As regular CFZ-watchers will know, for some time Corinna has been doing a column for Animals & Men and a regular segment on On The Track... particularly about out-of-place birds and rare vagrants. There seem to be more and more bird stories from all over the world hitting the news these days so, to make room for them all - and to give them all equal and worthy coverage - she has set up this new blog to cover all things feathery and Fortean.

Thursday, 12 December 2019

Emus once roamed Tasmania, so what happened to them?

Posted Sat at 9:33pm

It's hard to imagine free-ranging emus foraging across Tasmanian plains in 2019.

But, there is a reason why Burnie used to be called Emu Bay. The large flightless birds once called the island state home.

The University of Tasmania's Tristan Derham said the birds were throughout Tasmania's midlands and the north-east and north-west of the state.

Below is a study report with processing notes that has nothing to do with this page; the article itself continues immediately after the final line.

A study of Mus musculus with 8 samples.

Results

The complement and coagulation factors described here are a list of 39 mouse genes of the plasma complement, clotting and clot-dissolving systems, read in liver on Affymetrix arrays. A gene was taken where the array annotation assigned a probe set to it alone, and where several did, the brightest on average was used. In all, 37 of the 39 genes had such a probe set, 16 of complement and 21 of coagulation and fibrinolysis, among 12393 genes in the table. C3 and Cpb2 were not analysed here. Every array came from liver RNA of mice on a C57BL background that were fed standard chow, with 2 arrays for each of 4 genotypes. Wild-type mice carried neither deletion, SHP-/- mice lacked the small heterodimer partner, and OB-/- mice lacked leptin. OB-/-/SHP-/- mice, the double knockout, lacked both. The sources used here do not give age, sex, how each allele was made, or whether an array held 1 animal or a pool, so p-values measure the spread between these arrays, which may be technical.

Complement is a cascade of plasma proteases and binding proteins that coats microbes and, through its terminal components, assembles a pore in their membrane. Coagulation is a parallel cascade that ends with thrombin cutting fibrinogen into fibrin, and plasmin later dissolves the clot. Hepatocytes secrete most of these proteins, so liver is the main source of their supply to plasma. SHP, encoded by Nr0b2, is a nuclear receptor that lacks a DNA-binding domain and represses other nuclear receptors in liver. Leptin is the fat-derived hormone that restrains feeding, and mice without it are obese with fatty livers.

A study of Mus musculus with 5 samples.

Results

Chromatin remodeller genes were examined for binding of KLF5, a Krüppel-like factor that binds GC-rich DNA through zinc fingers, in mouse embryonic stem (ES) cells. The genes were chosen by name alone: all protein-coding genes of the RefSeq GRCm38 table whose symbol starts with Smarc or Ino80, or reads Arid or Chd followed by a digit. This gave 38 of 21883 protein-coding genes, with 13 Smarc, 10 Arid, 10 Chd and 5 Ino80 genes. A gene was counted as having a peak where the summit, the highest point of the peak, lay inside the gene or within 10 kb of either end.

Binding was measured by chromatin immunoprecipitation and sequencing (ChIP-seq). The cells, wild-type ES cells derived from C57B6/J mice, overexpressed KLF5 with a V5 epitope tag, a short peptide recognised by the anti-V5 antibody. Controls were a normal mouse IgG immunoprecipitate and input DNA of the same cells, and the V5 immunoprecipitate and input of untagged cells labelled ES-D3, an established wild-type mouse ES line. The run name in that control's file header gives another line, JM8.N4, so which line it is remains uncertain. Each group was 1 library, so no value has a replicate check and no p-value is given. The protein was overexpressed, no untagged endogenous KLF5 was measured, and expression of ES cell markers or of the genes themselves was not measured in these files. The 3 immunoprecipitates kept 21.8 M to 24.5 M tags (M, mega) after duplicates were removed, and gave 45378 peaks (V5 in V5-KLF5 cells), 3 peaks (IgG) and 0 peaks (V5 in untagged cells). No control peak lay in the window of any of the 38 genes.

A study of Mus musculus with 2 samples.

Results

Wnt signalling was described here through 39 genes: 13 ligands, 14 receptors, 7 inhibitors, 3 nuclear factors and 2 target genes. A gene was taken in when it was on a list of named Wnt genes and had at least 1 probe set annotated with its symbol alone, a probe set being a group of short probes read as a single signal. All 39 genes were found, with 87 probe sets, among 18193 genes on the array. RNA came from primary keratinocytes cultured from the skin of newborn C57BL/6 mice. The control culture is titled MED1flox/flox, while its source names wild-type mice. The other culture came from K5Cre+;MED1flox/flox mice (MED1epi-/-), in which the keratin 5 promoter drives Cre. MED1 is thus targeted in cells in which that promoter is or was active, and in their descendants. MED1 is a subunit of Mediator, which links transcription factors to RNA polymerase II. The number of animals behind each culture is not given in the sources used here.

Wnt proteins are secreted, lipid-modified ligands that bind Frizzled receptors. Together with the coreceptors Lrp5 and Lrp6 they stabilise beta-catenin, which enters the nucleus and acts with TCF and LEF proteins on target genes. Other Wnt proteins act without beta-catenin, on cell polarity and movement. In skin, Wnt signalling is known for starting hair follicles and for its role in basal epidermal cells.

"It's not really clear why the emu went extinct in Tasmania," he said.

The emus were said to be a smaller sub-species of the mainland emus but there are few detailed descriptions of the bird.

Mr Derham said he had researched eyewitness accounts of emus through reports by divisive colonial leader George Augustus Robinson, explorer Matthew Flinders and the diaries of clergyman Robert Knopwood.

"I haven't found a lot of evidence they were much different from mainland emus," he told ABC Radio Hobart.

European settlers recorded feasting on emus and kangaroos upon arrival in Van Diemen's Land.

"The early colonists were crazy for hunting emus and kangaroos," Mr Derham said.

The species survived in the wild until 1865, and the last captive bird died in 1873.